Last spring, the University of Colorado-Boulder (CU-Boulder) appointed Steven Hayward as its first Visiting Scholar in Conservative Thought and Policy. The position was created to help expose CU-Boulder students to more conservative views in what some consider an overwhelmingly liberal campus atmosphere. Now, some of Hayward’s recent public statements are causing community members to debate whether the school should take action against him. But those who disagree with Hayward’s viewpoints must remember that his speech is constitutionally protected, and they should consider why Hayward was invited to the university in the first place.
University of Colorado Student Government (CUSG) members argued in an article for Colorado Daily last week that Hayward crossed a line when he argued on Colorado Public Radio that women should respond to sexual harassment by simply slapping the harasser. They recognized that “CU-Boulder has a responsibility to promote a diversity of views,” but argued that “[b]igotry is not diversity.” To the contrary, while it may be socially unacceptable at many universities, “bigotry”—or however you might characterize Hayward’s suggestion—still constitutes a viewpoint that cannot be selectively censored by a public institution like CU-Boulder.
Similarly, CU-Boulder Faculty Assembly Chairman Paul Chinowsky said that some of Hayward’s remarks shared on a non-university blog were “offensive, bordering on … hate speech.” In a faculty meeting last Thursday, Chinowsky asked whether the faculty should “allow this or condone this” language, but the answer is constitutionally mandated: The university must not punish Hayward for expressing his opinions as an individual on a private blog.
Chinowsky continued: “If any (other) faculty member said this, we would find ourselves in a dean’s office or possibly on suspension for writing this.” Sadly, that may be true as a practical matter—FIRE has certainly seen similar occurrences before. But were an administrator at a public university to take disciplinary action against a professor for questioning the legitimacy of different sexual orientations or identities, that administrator should expect to lose a lawsuit for violating the First Amendment.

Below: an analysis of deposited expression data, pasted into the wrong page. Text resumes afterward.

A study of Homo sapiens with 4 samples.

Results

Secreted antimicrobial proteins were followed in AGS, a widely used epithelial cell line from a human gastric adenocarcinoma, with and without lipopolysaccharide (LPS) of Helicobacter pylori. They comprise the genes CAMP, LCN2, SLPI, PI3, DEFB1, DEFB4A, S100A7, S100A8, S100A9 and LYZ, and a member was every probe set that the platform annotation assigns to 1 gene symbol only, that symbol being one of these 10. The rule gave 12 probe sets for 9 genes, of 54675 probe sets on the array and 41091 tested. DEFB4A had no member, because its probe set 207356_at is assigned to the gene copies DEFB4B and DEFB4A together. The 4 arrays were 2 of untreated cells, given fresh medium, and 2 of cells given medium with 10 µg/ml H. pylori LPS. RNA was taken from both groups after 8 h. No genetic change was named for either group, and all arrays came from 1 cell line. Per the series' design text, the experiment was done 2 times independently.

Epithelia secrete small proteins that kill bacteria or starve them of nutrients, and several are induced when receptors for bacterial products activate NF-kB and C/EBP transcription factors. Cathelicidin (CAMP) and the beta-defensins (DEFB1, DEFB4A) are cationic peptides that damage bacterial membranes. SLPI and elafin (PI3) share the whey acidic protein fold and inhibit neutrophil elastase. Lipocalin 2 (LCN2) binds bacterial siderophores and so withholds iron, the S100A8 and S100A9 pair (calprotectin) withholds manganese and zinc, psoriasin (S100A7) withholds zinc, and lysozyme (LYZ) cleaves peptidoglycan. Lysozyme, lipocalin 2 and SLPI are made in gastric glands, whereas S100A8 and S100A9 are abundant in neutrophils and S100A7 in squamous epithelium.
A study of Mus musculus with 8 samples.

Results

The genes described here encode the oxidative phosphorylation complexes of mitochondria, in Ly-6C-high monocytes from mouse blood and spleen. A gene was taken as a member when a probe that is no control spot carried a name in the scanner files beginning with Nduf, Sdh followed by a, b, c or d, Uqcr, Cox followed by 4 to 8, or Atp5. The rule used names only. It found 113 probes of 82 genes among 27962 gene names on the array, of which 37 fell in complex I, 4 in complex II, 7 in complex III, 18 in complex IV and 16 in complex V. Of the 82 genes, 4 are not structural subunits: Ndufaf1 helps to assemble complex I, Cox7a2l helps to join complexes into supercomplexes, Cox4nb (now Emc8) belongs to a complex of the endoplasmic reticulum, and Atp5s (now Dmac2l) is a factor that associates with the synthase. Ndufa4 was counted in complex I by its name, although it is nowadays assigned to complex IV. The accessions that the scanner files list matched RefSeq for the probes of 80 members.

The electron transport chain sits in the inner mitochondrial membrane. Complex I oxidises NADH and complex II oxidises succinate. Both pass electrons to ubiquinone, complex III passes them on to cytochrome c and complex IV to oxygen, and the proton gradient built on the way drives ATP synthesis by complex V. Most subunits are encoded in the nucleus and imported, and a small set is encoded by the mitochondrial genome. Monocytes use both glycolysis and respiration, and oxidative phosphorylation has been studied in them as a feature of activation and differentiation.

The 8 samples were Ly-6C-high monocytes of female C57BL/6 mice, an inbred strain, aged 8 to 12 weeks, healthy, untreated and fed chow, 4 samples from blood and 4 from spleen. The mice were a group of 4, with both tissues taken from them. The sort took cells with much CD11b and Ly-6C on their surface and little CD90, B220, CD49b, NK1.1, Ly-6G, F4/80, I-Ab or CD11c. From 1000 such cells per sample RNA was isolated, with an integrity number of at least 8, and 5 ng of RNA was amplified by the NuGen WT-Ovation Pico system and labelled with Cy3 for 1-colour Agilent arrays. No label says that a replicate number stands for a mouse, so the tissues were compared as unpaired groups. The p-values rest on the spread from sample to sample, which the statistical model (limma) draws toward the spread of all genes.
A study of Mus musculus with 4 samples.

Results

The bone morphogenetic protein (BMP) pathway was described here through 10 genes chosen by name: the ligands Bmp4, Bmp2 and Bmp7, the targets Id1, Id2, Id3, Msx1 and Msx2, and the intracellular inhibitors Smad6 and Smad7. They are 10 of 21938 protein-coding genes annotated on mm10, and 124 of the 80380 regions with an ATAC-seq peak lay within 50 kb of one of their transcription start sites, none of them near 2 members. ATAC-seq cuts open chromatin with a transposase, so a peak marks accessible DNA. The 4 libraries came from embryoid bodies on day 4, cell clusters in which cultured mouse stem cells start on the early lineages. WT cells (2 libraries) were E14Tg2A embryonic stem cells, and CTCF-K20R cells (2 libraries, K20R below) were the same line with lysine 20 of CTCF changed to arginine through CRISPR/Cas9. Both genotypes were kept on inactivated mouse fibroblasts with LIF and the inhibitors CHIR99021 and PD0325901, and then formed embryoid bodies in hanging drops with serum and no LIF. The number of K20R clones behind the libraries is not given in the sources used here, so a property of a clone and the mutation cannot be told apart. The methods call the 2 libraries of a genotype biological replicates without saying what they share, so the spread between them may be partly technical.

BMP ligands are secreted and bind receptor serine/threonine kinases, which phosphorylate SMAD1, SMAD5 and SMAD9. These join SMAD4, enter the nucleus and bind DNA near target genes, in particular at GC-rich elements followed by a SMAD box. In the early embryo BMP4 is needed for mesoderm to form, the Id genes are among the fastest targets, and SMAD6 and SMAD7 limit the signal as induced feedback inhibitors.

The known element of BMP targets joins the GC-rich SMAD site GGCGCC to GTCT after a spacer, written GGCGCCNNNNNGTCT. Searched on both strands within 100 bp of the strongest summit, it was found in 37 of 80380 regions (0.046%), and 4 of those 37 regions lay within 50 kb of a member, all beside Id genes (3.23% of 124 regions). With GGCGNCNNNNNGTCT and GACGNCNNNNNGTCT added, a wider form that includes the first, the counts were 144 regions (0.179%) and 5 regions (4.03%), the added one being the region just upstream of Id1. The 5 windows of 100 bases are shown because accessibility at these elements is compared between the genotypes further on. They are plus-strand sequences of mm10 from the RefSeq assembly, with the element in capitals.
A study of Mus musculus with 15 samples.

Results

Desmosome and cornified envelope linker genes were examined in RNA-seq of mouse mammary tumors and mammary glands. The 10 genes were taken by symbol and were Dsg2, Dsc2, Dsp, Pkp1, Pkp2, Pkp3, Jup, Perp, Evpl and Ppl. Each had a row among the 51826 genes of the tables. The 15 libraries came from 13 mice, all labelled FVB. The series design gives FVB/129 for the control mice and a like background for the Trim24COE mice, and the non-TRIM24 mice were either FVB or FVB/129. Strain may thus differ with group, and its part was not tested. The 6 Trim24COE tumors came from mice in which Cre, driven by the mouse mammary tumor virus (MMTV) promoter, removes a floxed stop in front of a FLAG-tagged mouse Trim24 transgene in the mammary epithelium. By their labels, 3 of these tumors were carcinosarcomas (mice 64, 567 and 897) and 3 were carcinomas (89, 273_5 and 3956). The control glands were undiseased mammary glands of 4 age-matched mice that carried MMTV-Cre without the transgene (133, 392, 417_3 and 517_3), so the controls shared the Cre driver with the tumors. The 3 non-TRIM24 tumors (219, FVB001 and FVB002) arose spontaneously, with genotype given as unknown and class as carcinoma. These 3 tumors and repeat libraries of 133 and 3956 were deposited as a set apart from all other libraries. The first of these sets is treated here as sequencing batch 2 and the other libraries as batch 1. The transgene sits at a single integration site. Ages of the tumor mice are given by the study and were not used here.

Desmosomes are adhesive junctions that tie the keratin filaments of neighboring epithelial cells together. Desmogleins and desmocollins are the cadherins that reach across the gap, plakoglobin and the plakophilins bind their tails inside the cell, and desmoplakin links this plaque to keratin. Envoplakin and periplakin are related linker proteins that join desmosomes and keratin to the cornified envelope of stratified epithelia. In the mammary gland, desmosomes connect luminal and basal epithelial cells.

Thankfully, not all faculty members are on the fence about how to respond. One professor alluded to the distinction between official sanction and social ramifications:
CU law professor Aya Gruber said while she disagreed with the substance of Hayward’s comments, she didn’t want the faculty to become the “free speech police.”
“I don’t like what he said, but I want the right to say that I don’t like what he said,” Gruber said. “He has an absolute right to say what he wants, but along with that right, he has to expect this kind of backlash when you say things that are deliberately provocative and not very well thought out.”
Gruber’s analysis is correct.
There does not appear to be any allegation that Hayward treated certain students differently in class, which would potentially violate CU-Boulder’s policy prohibiting discrimination based on certain classes, including sexual orientation and gender identity. CU-Boulder student Will Hauptman told the Daily Camera that Hayward “treats students with respect and courtesy” and “never belittled anyone’s ideas or statements” in class. Further, the blog entry in question contains no language even approaching a true threat or incitement to violence.
Chinowsky chose to answer his own question about whether Haywood’s speech should be tolerated:
I don’t think we should allow that behavior, even if somebody is doing it for effect. … It’s offensive, and there’s no place for that in this community. … We have an obligation to really support all members of the community here, and if we’re not, then what are we saying to the students?
CU-Boulder has an obligation to uphold the First Amendment rights of all members of the community, including Steven Hayward. If it does not, it is sending a message to CU-Boulder students (and other faculty members) that they are not safe to express certain opinions on campus. Such a message will chill student and faculty speech and hinder a central purpose of the university—to serve as a “marketplace of ideas.” CUSG members may express their disapproval of Hayward’s message, but the university may not sanction Hayward for his constitutionally protected expression.